8 August 2019

Andrew McMillan, head of planning at Octopus Wealth, says he finds the FCA’s decision “odd”, with the potential unintended consequences

It’s certainly clear that there can be conflicts of interest with contingent charging. It’s also clear that defined benefit (DB) transfers are usually not to be advised for typical clients. Where they are warranted, it’s normally for those clients who have some unique set of circumstances, or who are already considerably wealthy.

The FCA’s proposal, then, is certainly well intentioned in its desire to protect clients from expensive advice that could be against their best interests. And on the face of it, I’m broadly supportive of removing elements of contingent charging from the advice process, if it’s done in the right way.

That said, it seems a little odd to create one rule for DB transfers, and another for all areas of advice. Surely the same arguments against contingent charging should be mirrored across other types of planning recommendations? This could end up inadvertently having significant consequences for other areas of the industry.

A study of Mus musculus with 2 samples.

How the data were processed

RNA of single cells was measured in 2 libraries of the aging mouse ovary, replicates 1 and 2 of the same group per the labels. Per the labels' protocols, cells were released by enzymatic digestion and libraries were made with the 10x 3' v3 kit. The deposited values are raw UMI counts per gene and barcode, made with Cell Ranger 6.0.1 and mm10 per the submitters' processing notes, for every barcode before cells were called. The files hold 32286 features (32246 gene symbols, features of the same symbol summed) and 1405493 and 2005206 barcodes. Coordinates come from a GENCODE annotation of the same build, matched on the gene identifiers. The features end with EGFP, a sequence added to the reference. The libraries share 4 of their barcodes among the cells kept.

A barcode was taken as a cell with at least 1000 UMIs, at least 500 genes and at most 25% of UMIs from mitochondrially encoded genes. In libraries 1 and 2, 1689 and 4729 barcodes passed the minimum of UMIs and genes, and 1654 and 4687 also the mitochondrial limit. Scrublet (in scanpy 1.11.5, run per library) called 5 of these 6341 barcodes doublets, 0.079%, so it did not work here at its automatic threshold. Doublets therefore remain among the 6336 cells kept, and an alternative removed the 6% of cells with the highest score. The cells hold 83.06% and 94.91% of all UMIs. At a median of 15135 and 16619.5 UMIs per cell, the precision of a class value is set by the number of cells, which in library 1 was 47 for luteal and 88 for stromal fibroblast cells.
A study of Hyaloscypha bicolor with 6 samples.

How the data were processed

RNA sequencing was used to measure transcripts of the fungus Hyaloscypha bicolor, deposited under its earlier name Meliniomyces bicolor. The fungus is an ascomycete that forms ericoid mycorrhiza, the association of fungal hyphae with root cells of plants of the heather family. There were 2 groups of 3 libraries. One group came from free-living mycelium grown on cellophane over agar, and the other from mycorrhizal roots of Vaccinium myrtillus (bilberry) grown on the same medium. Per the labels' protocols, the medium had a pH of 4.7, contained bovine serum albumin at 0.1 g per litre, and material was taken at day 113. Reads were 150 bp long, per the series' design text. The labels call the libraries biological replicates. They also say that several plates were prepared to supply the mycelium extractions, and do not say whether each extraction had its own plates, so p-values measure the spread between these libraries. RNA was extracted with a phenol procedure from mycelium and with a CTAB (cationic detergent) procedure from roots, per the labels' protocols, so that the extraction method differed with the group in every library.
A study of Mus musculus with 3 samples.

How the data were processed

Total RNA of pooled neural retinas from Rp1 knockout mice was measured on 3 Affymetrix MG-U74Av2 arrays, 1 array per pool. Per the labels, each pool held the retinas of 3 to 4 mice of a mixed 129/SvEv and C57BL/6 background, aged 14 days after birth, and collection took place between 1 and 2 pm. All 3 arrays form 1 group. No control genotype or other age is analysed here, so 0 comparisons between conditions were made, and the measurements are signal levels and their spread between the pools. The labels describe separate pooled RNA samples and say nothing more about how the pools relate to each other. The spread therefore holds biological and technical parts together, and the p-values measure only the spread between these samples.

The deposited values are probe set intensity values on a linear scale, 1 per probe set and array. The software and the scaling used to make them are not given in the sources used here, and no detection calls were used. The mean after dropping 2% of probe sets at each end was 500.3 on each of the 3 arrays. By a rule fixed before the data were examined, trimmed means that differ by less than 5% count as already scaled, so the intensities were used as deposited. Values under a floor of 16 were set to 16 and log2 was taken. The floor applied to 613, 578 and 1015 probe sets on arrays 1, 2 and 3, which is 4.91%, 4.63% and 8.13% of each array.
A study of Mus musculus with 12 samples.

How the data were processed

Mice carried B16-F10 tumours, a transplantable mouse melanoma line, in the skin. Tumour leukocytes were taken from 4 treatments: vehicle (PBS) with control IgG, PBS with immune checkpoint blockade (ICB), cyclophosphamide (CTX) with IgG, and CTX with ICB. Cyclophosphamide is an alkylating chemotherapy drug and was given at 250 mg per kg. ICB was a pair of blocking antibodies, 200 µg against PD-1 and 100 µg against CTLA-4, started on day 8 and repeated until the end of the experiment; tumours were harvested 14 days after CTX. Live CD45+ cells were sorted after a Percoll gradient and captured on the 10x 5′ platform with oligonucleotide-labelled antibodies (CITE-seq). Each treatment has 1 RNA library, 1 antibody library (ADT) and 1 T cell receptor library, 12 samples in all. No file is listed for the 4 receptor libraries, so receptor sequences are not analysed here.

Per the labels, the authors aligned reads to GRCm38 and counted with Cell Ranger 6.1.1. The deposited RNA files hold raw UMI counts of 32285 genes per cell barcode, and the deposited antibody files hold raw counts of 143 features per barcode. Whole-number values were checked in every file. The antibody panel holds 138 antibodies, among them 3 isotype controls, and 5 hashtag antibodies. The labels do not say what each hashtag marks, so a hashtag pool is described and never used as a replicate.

In truth then, these proposals are less about charging and more a reflection of how difficult it is to effectively monitor and regulate DB transfers — it’s the FCA’s way of curtailing bad advice.

However, there is a risk that this approach may simply lead to fewer people seeking advice at all, which could be somewhat self-defeating.

Providing advice around DB pension scheme transfers is expensive. Clients often need a great deal of education around the benefits and drawbacks, while advisers take on significant commercial risk and associated professional indemnity costs if the advice is to transfer.

These costs need to be paid for somehow, and so a ban on contingent charging will no doubt lead instead to a more expensive up-front fee — which may mean DB transfer advice can only ever be sought by the wealthy.

This would be a shame. While the majority of people shouldn’t transfer their DB pensions, there are still those who might be able benefit – and surely everyone should be able to find out.

I’d like to see a solution that doesn’t restrict access to advice. One option could be to ban contingent charges but legislate that an advice fee can be paid from the pension benefits — removing the conflict of contingent charges but still enabling more people to partake.